Harry Potter and the Goblet of Fire
Harry Potter: The Saga (Uncle Cliff)
Harry Potter and the Sorcerer's Stone (Uncle Cliff)
Harry Potter and the Chamber of Secrets (Uncle Cliff)
Harry Potter and the Prisoner of Azkaban (Uncle Cliff)
Harry Potter and the Order of the Phoenix (Uncle Cliff)
Watching this film was, to me, like watching a film with a friend who had a firm grip on the DVD remote and kept skipping “past the boring bits”. I don’t actually have such a friend, and if I did I most likely would have learned at an early stage not to watch movies with him/her, but you get my point.
Or maybe you don’t. New director Mike Newell rips out any scene that doesn’t directly impact the main plot. For a lot of films, and adaptations, this would be great news. God knows Peter Jackson could take a leaf or several out of Newell’s book (A 3 hour King Kong film??? The man must be stopped). Problem is that with the Harry Potter world I love the boring bits. Seeing the kids in classes is always great – bringing this magical world momentarily down to a relatable place is what I love about the whole concept.
Having read and loved the books, it is predictable that I’m going to have the odd gripe about what gets cut out. They made some good choices getting rid of a few inane subplots (Dobby) but in doing so also lost a few too many of the cool little moments the book has in droves.
At the same time that I am holding the film up to the impossible standards I have bestowed upon the book, I kind of wish I could have seen this film through virgin eyes, having not read it at all. Goblet is my favourite book for many reasons, one being the few great surprises it has in store – how it builds impeccably to an ending that you could not have possibly foreseen.
Watching the film I found myself willing the already fast moving film to move faster past the tri-wizard trails (which, with the exception of the dragon one were really lacking in any excitement – the mermaids went from being scary to stupid pretty quickly) to the ending where we finally get to meet He-Who-Shall-Not-Be-Named in a more corporeal form. Man, I couldn’t wait for that moment. And when it came…well, personally I didn’t find him menacing or frightening in the least. I felt he had more presence as a special effect in the back of someone’s head in Philosopher’s Stone. Sorry Ralph.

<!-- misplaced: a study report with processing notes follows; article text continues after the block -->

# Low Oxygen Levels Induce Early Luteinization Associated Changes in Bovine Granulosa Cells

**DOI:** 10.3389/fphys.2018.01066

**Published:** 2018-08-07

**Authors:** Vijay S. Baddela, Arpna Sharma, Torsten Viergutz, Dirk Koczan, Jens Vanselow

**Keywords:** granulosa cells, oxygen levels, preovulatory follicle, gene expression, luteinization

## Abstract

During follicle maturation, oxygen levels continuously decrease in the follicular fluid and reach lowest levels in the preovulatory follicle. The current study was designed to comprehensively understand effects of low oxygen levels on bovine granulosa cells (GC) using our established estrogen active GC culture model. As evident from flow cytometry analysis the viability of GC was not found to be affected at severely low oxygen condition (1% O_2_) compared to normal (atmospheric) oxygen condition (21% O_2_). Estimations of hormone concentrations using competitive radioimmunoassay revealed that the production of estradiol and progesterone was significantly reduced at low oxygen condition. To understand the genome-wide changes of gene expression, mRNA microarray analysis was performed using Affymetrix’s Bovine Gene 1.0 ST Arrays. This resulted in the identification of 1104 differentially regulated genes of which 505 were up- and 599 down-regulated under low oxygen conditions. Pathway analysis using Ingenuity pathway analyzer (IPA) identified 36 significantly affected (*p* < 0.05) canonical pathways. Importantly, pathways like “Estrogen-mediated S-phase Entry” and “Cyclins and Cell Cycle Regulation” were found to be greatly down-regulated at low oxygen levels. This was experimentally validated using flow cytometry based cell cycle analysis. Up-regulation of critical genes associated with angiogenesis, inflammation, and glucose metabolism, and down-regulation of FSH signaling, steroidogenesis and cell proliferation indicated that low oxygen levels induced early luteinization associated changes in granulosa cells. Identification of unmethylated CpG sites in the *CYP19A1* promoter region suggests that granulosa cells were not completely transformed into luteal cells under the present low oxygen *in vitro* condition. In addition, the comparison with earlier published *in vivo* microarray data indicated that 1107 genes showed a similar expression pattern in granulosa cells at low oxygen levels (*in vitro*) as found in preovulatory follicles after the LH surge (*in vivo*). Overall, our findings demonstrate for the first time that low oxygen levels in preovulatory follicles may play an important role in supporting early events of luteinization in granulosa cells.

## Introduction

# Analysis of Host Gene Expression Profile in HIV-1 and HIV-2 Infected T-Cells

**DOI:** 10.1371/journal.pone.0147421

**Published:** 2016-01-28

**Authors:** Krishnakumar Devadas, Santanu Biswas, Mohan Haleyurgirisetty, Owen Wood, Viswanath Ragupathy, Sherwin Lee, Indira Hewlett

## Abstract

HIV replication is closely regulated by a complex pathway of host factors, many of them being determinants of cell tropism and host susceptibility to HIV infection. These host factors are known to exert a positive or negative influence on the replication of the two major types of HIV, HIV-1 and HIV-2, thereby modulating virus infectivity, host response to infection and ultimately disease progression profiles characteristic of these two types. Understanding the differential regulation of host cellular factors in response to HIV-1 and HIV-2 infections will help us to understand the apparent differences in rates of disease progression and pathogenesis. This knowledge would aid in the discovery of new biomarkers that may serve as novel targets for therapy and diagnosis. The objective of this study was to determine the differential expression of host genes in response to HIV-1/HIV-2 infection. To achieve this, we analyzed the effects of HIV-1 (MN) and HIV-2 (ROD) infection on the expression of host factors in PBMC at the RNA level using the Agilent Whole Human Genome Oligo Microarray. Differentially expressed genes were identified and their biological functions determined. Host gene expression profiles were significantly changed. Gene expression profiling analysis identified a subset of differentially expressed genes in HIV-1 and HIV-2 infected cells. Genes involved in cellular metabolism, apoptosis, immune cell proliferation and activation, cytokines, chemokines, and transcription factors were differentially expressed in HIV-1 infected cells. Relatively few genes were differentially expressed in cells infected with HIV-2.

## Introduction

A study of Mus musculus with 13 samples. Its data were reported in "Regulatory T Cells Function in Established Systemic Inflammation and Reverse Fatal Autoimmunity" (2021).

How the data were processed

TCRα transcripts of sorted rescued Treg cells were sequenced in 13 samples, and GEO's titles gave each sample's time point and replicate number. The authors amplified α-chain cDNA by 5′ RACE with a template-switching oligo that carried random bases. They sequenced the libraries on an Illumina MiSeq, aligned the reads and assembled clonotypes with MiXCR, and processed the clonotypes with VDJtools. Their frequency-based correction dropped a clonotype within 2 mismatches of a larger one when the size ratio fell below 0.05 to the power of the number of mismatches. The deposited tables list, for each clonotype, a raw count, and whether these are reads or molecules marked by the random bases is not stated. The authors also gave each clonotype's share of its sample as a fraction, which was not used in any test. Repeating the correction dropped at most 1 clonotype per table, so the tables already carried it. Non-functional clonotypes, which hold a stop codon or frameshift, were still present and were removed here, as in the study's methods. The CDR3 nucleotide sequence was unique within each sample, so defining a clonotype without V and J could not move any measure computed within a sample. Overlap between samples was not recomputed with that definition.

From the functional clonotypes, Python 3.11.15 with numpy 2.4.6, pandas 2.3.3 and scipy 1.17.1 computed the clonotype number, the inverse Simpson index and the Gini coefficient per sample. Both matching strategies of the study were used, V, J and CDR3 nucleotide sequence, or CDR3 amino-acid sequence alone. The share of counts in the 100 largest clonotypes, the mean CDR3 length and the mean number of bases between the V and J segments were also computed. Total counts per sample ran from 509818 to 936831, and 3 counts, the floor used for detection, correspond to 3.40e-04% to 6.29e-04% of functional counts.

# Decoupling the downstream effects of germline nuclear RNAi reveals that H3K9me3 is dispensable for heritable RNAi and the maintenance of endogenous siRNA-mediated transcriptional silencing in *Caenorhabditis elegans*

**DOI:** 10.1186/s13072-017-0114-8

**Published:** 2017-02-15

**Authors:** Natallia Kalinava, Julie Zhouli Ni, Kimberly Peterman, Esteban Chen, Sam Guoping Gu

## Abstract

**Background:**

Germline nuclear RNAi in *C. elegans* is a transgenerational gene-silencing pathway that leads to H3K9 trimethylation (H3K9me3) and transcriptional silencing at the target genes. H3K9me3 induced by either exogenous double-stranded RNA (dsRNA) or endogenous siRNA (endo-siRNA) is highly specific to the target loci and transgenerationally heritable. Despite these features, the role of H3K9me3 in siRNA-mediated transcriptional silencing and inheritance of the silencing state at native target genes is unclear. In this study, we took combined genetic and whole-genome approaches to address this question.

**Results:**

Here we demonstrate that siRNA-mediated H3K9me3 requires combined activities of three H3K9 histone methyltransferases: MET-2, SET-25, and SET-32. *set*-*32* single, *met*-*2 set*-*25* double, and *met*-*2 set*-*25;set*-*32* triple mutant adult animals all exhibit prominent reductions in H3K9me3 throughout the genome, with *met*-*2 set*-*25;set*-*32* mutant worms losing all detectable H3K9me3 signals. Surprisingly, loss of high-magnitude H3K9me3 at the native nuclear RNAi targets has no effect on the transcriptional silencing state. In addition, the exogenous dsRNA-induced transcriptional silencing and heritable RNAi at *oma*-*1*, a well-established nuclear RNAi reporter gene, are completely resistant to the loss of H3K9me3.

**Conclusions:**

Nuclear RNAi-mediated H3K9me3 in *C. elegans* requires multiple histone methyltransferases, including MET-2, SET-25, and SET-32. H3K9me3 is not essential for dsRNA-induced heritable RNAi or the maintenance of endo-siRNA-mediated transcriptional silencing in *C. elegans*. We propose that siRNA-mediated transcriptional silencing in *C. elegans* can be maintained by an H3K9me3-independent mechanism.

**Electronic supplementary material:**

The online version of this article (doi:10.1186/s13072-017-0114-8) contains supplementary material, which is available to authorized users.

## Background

(Just to break from Review Mode for a second: Does it impress anyone else that the Potter films keep the same bit actors around film after film? Not just the school kids like Crabbe and Goyle, but looking at imdb.com you can find that the actors playing Lilly and James Potter have been the same all the way through the films thus far. In two of these films they play nothing more than moving photographs. This, for some reason I can’t explain right now, impresses the hell out of me. Now where was I…?)
There are a few other bitches I have about this latest Potter adaptation, but they’re mostly real geeky sounding (Did anyone else notice Dumbeldore was a completely different character here? He was all grabbing people’s throats and stuff. I thought he was about to go all kung-fu for a while there.), so I won’t bother going into them… except to say that the dance scene was very poorly written, directed and edited in this reviewer’s opinion. Cut down to sweet bugger all it seemed to serve no real purpose, except to say “and, here’s the hormone-fuelled section of the film, let’s get this out of the way quick so we can get back to the action.” Without the proper build up the dash of senseless melodrama at the end of the scene, where Hermione is crying on the stairs, is perplexing at best – and leaves the character looking totally stupid and crazy (although some would argue that was exactly the point).
The Potter films seem to improve dramatically for me after a few watches, and surprisingly, I always seem to enjoy them a shitload more on DVD. I wasn’t crash hot on Azkaban the first time I saw it, but each subsequent time it has lifted considerably, so perhaps Goblet of Fire will do the same, and by the time The Order Of The Phoenix arrives I could be singing its praises with the rest of the choir.